Employee vs Employers

Who Owns the Copyright Over the Work?

Priyanjana Bhattarai and Anal Raj Bhattarai

‘Copyright’ is an exclusive right that protects original works of authorship. It gives its owner the exclusive right to copy, distribute, adapt, display, and perform creative work.

In simple terms, copyright is a collection of rights granted to the author of a work. Work here can include artistic, literary, musical, or dramatic work. It can also include a cinematographic film, sound recording, or sculpture. Section 2(a) of the Copyright Act, 2000 of Nepal defines the term “work” and copyright can only be granted to the works listed therein. The Act also clearly defines what cannot be copyrighted. For a work to be copyrightable, it must be original and creative. Moving on, copyright is referred to as a collection of rights because within single copyright, there are various classifications, the two most important being- Economic Rights and Moral Rights. These rights can include the right to reproduce the work, prepare derivatives or perform or display the work publicly. Now, let’s understand who an author is. An author is a person who has created the work. Generally, copyright is owned by the author and therefore the author is the owner of the Copyright. However, the author and the owner may not be the same person in all scenarios. This is where the confusion arises. So, it needs to be determined who owns the copyright in what scenario.

In terms of employment, the author of the work may not be the owner of the copyright. This is the exception to the general copyright law. As per the Copyright Act, 2002, in case the work is created by an employee in the course of employment, the copyright is owned by the employer, and the employer is considered as the “owner” for copyright purposes.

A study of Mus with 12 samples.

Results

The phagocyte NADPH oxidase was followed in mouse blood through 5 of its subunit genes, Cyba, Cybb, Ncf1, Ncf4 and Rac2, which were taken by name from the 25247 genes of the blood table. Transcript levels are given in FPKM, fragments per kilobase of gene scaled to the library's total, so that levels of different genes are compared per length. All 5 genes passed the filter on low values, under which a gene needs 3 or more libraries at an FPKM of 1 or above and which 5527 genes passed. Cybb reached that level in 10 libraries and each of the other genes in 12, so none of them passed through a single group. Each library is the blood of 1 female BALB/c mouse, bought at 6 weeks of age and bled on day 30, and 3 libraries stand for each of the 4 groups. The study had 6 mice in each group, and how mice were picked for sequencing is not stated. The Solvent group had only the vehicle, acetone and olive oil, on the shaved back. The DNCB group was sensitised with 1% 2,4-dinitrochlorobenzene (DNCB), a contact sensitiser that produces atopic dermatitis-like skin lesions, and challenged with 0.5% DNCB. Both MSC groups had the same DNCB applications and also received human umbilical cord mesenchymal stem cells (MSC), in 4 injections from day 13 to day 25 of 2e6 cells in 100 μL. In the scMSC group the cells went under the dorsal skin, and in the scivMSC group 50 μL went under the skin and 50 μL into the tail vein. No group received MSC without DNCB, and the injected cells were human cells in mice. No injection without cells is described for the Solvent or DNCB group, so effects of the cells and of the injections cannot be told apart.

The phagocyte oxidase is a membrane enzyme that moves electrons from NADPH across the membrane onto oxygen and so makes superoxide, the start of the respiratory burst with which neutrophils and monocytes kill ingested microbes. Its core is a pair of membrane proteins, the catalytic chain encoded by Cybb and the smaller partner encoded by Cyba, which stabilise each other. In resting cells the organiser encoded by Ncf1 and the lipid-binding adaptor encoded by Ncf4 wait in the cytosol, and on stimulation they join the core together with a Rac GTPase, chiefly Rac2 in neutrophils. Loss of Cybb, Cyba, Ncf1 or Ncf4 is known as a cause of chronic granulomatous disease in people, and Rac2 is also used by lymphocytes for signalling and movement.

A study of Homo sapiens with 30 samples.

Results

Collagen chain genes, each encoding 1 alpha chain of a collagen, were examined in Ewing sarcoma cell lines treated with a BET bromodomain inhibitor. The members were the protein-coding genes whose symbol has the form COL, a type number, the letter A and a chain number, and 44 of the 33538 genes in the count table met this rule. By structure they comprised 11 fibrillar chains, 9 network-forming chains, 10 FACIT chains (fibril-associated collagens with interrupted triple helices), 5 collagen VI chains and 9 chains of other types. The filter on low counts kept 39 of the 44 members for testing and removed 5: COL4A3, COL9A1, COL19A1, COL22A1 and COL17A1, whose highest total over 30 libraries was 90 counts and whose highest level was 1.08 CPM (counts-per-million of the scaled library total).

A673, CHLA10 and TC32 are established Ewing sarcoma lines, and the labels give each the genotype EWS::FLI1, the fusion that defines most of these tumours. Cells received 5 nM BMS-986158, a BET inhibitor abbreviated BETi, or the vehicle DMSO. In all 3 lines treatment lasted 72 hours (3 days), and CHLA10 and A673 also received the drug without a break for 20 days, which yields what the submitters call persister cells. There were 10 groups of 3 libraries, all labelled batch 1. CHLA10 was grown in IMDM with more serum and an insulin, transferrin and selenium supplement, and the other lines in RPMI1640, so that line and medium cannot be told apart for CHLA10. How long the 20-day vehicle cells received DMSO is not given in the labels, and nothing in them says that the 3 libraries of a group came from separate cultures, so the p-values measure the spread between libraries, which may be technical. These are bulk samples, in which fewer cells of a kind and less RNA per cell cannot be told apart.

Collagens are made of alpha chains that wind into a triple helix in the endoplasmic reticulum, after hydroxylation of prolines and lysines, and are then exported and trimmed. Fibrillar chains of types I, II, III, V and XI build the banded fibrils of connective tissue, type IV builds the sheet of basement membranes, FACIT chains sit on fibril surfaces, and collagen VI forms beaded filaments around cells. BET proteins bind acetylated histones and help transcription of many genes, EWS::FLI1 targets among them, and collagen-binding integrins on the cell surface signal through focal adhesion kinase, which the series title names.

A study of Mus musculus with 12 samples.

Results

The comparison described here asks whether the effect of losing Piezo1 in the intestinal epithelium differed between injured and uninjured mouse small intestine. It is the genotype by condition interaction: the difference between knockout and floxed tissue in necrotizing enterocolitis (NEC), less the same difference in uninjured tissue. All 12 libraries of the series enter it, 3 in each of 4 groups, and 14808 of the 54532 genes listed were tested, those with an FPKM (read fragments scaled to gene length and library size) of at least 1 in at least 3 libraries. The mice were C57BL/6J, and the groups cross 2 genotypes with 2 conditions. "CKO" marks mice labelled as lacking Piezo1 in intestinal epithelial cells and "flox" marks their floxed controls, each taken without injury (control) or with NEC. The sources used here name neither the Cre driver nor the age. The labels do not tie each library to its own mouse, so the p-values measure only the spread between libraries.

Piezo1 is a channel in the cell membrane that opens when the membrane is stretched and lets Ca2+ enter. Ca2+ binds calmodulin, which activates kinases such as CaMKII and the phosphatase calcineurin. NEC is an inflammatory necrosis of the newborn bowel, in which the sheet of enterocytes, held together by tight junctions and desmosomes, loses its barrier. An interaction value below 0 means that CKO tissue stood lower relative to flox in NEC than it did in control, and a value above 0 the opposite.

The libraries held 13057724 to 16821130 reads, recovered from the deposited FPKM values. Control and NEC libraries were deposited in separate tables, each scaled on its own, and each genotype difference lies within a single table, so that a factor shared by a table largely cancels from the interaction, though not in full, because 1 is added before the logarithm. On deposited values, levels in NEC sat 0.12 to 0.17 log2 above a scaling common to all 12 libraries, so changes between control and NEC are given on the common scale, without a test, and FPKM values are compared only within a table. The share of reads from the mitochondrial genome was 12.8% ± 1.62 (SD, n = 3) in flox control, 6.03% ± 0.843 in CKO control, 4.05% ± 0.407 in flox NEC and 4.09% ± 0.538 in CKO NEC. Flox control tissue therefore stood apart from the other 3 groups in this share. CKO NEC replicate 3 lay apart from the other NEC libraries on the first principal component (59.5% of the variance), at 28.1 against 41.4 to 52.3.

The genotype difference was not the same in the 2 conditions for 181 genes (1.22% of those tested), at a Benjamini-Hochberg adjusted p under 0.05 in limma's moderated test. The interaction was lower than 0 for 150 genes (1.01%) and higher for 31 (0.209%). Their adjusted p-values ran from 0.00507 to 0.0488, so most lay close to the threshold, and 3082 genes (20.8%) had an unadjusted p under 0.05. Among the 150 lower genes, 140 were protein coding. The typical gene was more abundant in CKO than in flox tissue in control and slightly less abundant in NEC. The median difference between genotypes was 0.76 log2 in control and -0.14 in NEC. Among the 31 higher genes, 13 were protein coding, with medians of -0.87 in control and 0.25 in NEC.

However, for the copyright to be vested in an employer, four requirements must be fulfilled. First, there must be an employment relationship between the parties. Any work done by a freelancer does not fall under this exception. Freelance work falls under commissioned work and is done under the contract of services. Second, the work must not only be made by the employee for the employment but also be made during employment. For example, if an employee of a company has worked on a blog after office hours, the employee shall be the owner of the copyright of that blog. Third, the creation of the work must also be part of the employee’s duties. Work that is useful to the employer but is not part of the duties mentioned in the contract falls outside the scope of this exception. Fourth, the employer must have control over how works are being done. If the four requirements are met, the works created by an employee are automatically regarded as the employer’s copyright.

However, this exception does not cover interns as interns do not perform work. Their activities are aimed at acquiring knowledge and experience. In the case of interns, unless it is mentioned in the internship agreement that the intern transfers his or her copyright to the employer, the copyright lies with the intern.

While entering into an employer-employee relationship, it is important for the employer to be clear on where they stand concerning copyright or any intellectual property rights. Even though the law clearly states the ownership of the employer, an employer has the choice to retain or waive his rights in the employment contract. A “contract of services” between an employer and an employee can be in writing, verbal, expressed or implied. However, to minimize disputes on the agreed terms and conditions, the contract should be in writing. This contract should clearly mention the type of work to be done and also state that all intellectual property rights arising out of or in connection to the work done by the employee during the course of employment shall vest with the company.

Copyright and ownership can get complicated in the absence of a contract. Therefore, it is advisable to always include an intellectual property clause in your employment agreement with your employees or enter into an agreement defining ownership with freelancers in case of commissioned work. Doing this can reduce confusion and future disputes.

Priyanjana is the Founder of Kala Legal and Anal Raj is the CEO of the Nepal Development Fund (NDF).